When it comes to picking the most ‘health-giving’ mountain salt for your clean diet, forget about Himalayan pink salt. Here in Borneo, we have our very own salt from the central region of the island.
While on Sarawak the side of the Bornean border, salt springs are aplenty in the Kelabit Highlands, Kalimantan’s are located in the Krayan Highland.
Besides paddy planting and livestock rearing, the Lundayeh people of Krayan Highland in Kalimantan rely on salt processing from these springs to boost their income.
Salt production in Long Midang, Kalimantan
Located in the Krayan Highlands, Long Midang is the closest settlement across the Malaysian-Indonesian border from Ba Kelalan, Sarawak.
The salt production there has been going on for generations. Its production house is a humble building of wooden planks with zinc roof and cement floor.
There were two salt springs there, but both have been converted into concrete wells. Oddly, flowing next to the salt springs is a small freshwater stream.
According to local guide Alex Ballang, traditional custom requires that any visitors who enter the production house must wash their faces with the saltwater first. Plus, the saltwater is believed to be good for the skin.
Furthermore, visitors are also welcome to dip their fingers into the saltwater, especially those curious about whether the saltwater is really salty.
The Long Midang community comes together to run the salt production. According to Alex, each salt-maker household takes turns utilizing the salt spring for a continuous period of two weeks.
Inside the production house, there are two hearths made from stone and clay where the boiling of saltwater takes place.
Alex said, “They used metal drums cut lengthwise to use as pots. Since they are not stainless, they usually last up to only three months, tops.”
He assured though, that the drums are replaced before they get rusty.
Evaporating, drying and packaging the Krayan Highlands salt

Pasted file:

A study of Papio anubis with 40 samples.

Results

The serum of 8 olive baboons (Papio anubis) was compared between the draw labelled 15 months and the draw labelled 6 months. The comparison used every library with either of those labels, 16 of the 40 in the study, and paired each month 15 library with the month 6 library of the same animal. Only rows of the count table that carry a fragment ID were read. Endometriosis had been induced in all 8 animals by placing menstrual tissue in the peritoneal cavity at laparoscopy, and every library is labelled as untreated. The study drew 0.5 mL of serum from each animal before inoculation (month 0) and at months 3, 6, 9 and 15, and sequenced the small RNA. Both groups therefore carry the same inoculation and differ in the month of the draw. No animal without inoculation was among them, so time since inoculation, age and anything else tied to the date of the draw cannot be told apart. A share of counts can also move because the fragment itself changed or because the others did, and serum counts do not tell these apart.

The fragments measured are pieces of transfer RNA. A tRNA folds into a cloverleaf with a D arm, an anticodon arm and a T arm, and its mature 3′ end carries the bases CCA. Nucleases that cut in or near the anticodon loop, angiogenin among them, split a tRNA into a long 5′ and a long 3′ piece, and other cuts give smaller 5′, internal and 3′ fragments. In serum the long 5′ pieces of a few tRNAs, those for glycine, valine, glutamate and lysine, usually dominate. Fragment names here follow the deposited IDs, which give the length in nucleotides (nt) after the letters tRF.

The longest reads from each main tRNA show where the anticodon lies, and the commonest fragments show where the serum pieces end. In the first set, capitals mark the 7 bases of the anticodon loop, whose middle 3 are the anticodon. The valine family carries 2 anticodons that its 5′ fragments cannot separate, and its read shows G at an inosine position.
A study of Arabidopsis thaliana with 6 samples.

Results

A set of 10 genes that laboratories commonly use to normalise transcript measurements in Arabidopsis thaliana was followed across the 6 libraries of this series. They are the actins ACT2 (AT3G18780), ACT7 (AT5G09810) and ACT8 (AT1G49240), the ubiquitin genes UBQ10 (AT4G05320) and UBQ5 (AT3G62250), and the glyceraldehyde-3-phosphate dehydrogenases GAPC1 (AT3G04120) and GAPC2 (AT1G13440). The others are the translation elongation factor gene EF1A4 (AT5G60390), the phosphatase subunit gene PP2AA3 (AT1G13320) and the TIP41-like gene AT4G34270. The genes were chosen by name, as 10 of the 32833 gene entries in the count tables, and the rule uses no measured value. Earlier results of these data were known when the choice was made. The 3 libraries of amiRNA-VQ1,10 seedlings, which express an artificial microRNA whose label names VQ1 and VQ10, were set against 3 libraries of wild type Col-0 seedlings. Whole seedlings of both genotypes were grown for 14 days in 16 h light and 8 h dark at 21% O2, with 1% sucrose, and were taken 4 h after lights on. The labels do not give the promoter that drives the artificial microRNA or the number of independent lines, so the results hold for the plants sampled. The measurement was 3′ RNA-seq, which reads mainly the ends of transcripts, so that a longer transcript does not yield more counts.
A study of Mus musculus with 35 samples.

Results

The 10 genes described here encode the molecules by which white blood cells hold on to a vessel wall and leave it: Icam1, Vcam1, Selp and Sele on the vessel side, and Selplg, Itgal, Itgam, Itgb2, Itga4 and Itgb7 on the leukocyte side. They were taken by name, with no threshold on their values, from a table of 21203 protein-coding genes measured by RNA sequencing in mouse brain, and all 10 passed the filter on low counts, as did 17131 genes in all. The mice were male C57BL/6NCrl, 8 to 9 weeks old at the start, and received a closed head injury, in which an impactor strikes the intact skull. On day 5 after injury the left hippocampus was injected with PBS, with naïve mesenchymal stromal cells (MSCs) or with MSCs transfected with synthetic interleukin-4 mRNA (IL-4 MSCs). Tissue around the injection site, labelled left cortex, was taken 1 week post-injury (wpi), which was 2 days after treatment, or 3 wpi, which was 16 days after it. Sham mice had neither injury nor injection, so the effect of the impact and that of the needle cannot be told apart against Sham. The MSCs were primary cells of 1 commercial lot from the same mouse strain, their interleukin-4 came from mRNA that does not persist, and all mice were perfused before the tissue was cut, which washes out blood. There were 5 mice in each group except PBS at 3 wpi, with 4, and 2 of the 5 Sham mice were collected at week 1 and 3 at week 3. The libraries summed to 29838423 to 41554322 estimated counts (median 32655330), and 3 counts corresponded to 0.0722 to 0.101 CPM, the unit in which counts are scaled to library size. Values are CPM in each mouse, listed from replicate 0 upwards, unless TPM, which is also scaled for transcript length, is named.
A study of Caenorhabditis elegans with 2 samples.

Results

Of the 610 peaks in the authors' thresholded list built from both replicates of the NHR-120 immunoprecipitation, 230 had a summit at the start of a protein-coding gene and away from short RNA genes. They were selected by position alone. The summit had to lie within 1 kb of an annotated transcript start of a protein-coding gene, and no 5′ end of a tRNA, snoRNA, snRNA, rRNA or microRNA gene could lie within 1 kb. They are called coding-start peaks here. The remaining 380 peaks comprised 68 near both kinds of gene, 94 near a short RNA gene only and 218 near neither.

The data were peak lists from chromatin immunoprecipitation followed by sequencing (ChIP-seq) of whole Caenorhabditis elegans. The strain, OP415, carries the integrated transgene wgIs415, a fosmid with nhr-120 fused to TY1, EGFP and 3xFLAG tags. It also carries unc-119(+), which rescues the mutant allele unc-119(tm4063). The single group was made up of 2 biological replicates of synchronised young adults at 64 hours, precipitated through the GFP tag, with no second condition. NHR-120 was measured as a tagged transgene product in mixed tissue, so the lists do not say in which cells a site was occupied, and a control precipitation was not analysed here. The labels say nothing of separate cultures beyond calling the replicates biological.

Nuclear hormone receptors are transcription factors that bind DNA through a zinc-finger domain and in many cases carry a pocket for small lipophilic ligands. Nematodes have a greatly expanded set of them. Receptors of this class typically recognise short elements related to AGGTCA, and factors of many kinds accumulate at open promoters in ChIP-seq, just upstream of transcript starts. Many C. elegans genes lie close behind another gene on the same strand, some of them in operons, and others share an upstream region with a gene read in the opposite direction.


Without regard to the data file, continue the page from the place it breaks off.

In Long Midang, three metal containers were used for the salt evaporation process. Each metal container were at different stages of boiling the salt brine.
The farthest container from the hearth opening contained the freshly poured in brine, while the first container near the hearth contained the boiling brine. The middle container where the heat was the highest had the almost saturated brine.
Alex explained that the brine would be transferred from the farthest to the first, then to the middle container where the final crystallised salt was collected.
If the family members took turns continuously boiling the brine for 24 hours, they could produce up to 20kg of salt in a day.
After the crystallised salt is collected, they still need to put it under the sun to dry. The drying process usually takes up two hours depending on the weather.
Then came the packaging process. In Long Midang, the salt was packaged in plastic or the traditional way, which is with palm leaves.
The benefits of Krayan salt
Alex pointed out that the salt from Krayan highlands was rich in iodine, hence making it high in demand from the locals as well as neighbouring Malaysians.
Another benefit for the local community is that this salt production is a boost to their daily income.
Although the salt spring seems to never run dry, enabling the Long Midang community to produce salt all-year round, Alex shared that the community was slowly losing their source of firewood.
While there was a constant source of firewood in the past, it has been slowly depleting over the years.
“Perhaps, someone could come up a cost-effective alternative for the locals so that they can continuously boil the salt brine without using wood from the forest,” he said.